It works like a hashtable where the keys are distributed onto nodes based on their hash values. Each node takes a subset of the keyspace, and this subset can be dynamically reconfigured (so you can add nodes later and not have to move everything). You can also replicate each key onto several different nodes for fault-tolerance.
It doesn't attempt to address transactions; instead, when people make branching updates, it keeps all the branches. (Think how Git works -- it deals with fast-forward automatically.) You have to merge them yourself -- when you do a get and there are multiple branches, you get all the heads.
It's based on Erlang and has a pluggable backend storage system, so you don't have to deal with ETS if you don't want to. (Hooray)
It has a builtin mapreduce framework. The docs suggest that it does as much of the work as possible for a given set of keys on the node which contains those keys, minimizing transfer costs. That's a very nice property.
I'm sort of excited about this project. I still want a non-relational distributed database that can do fast range queries over arbitrary properties -- I hate to be iterating over millions of items when I just want the latest 10. Give me the tools to define those indices over my data, and I'll be a happy man. (CouchDB comes the closest for me so far...)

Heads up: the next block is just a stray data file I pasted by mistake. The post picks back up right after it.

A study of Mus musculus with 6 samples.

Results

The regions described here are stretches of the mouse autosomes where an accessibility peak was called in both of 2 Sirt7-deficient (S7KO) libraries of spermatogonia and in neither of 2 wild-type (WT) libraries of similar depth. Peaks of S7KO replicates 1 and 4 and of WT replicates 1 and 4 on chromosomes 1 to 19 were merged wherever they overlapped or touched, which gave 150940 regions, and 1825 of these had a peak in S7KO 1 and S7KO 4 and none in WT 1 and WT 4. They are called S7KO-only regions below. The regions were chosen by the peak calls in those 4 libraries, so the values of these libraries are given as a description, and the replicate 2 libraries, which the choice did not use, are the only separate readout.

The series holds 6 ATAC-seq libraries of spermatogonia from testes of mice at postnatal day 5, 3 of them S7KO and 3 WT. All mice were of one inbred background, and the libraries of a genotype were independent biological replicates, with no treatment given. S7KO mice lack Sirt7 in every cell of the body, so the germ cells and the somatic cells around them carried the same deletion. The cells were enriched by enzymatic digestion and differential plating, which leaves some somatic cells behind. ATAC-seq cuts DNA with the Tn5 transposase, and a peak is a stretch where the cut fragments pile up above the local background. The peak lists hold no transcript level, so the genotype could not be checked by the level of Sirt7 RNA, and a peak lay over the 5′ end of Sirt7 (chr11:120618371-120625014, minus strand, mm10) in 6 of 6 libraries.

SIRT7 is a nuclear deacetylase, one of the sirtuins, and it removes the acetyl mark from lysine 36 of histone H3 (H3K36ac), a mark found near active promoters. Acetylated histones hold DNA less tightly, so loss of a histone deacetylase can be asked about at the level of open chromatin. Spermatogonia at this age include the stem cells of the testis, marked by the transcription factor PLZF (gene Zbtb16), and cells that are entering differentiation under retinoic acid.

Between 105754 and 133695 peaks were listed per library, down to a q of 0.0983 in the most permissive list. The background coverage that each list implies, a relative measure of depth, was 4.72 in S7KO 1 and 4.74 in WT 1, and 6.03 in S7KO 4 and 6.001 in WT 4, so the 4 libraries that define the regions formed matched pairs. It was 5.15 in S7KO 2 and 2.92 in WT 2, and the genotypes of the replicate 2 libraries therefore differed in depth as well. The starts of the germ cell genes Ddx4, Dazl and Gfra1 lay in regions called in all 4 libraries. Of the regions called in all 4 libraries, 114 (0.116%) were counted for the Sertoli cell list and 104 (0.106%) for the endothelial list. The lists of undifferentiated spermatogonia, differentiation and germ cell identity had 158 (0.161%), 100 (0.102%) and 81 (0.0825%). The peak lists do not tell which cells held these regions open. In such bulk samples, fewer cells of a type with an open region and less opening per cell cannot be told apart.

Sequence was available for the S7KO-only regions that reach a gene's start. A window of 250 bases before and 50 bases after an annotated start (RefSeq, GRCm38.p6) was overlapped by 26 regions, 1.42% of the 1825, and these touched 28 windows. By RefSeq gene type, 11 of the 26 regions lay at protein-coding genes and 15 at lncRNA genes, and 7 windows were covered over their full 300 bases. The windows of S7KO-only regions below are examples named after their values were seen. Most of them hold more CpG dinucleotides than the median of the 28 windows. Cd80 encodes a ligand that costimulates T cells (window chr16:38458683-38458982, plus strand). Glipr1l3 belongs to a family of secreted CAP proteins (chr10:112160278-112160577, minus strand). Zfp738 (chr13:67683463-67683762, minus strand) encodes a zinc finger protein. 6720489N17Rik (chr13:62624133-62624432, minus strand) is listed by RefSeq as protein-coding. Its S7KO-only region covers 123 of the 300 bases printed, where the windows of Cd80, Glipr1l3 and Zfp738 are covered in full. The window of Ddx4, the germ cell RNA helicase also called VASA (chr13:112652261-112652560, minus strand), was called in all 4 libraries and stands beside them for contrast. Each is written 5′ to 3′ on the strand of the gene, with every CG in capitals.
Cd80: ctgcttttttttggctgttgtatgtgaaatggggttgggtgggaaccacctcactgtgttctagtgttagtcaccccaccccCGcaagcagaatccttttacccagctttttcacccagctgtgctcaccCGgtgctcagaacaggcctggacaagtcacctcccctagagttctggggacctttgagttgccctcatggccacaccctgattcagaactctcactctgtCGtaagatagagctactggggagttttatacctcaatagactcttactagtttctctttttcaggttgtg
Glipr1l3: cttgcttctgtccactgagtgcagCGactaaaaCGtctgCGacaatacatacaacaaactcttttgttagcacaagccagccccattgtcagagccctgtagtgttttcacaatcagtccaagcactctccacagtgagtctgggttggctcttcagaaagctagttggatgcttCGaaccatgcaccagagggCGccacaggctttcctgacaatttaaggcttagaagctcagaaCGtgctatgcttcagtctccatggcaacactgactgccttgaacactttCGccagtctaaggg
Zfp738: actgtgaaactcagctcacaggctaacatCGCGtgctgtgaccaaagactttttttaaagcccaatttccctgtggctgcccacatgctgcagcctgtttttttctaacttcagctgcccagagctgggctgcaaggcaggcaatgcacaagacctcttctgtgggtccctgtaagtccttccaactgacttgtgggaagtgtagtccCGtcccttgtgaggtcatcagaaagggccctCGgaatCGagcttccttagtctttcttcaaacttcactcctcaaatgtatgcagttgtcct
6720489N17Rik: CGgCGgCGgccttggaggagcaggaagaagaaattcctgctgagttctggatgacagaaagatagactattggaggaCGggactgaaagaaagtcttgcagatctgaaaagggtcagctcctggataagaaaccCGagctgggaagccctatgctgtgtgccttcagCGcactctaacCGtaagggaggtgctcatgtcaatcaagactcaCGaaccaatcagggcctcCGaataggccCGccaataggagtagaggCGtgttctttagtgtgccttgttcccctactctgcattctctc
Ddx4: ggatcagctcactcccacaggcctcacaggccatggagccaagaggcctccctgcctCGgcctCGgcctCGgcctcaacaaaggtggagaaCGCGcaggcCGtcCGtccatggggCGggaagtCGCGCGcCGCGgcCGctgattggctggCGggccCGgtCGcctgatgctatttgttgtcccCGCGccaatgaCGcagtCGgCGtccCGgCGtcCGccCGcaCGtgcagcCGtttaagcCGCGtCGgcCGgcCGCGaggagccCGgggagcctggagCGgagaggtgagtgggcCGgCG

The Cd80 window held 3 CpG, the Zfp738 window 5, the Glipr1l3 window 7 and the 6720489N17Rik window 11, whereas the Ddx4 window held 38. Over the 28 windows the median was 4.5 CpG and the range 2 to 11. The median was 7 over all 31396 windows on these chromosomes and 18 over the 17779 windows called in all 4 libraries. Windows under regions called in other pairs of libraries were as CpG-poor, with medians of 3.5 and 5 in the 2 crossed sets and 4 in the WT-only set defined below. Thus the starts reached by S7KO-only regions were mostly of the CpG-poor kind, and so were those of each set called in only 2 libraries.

MongoDB does exactly that. But it's not nearly as good on the decentralization front as Riak.
A crossbreed between Riak and Mongo - that would be perfect feature-set.
There are a few features of riak that appear somewhat related to similar features of neo4j (the concept of ancestor/child/sibling links which is only lightly explained in the available docs and does not seem to be really thought out well given the documentation that is available at the moment) but if you want real graph operations you would not use something like riak...
"I'm sort of excited about this project. I still want a non-relational distributed database that can do fast range queries over arbitrary properties"
I thought neo4j's ranged queries and lucene indexer might be of interest, or at least discussion. It's certainly ideal for those requirements.
The comparisons in those posts are probably outdated soon with so many new nosql data stores.